Explore Nail Bed Injuries


What is involved with nail bed injuries?

 Nail bed injuries can involve damage to bones, nail bed, fingertip skin (pulp), tendons, and nerve endings.

What causes nail bed injuries?

Many result from crush injuries after getting the fingertip caught in a door. Any type of pinching, crushing, or sharp cut to the fingertip may result in injury to the nail bed.

Presentation of nail bed injuries

Simple crushes of the fingertip may result in a very painful collection of blood (hematoma) under the nail. More severe injuries can result in cracking of the nail into pieces, or tearing off of pieces of the nail and/or fingertip, and possible injuries to the adjacent structures.

Diagnosis of nail bed injuries

X-rays are recommended to look for associated fractures that may require treatment. The full extent of the injury may not be evident until adequate anesthesia (usually local) is given and the nail is examined with magnification. Other medical conditions that may affect healing should be discussed with your physician.

Treatment of nail bed injuries

  • Restoring the normal anatomy of the nail and surrounding structures is the goal of treatment.
  • Simple hematomas are drained by making a small hole in the nail in order to relieve the pressure and provide pain relief.
  • Straightforward cuts are repaired to put the parts back where they belong.
  • Repairing the nail bed to which the fragments of bone are attached usually restores alignment of many fractures of the fingertip.
  • Larger fragments of bone may need to be pinned or require splinting to heal the fracture.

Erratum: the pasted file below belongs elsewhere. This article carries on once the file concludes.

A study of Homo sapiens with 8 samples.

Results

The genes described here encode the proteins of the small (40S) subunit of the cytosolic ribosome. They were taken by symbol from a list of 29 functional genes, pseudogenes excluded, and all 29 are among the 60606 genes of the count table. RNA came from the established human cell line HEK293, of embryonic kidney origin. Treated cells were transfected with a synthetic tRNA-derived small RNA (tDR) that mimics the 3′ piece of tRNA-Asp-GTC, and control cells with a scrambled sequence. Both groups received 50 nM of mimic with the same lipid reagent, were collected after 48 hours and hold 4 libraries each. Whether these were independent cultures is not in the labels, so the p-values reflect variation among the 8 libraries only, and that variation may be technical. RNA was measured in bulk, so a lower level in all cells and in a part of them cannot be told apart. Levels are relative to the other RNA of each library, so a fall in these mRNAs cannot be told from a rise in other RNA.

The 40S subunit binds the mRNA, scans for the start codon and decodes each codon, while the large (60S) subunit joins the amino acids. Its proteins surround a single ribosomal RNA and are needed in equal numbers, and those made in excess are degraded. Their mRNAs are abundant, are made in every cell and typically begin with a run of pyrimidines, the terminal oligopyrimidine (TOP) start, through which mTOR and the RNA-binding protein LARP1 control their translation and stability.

• Missing areas of nail bed can be grafted from the same finger or from other digits.
  • Tendon injury may require splinting or pinning.
  • Local flaps of skin may be used to replace missing skin, or the open area of skin may be allowed to just heal on its own, or covered with a skin graft.

Surgical Reconstruction

Loss of part or all of the nail bed can be reconstructed with grafts from other digits. Grafts may be taken from the nail bed of a toe to prevent further injury or deformity of the fingers. The most common graft is a split-thickness graft to reconstruct missing nail bed.


The final appearance and function of the nail and surrounding structures depends on the ability to restore the normal anatomy. If the injury is sharp and can be repaired, a normal nail is likely. If there is more severe crushing of the nail bed, then there is a greater likelihood of nail bed scarring and subsequent deformity of the nail. If the germinal matrix (crescent-shaped zone at the base of the nail bed from which the nail grows) is injured, there will likely be a deformity of the nail as it grows. The function of the fingertip also depends on the extent of injury to structures other than the nail. It normally takes 3-6 months for the nail to grow from the cuticle to the tip of the finger.

Used with permission from American Society for Surgery of the Hand.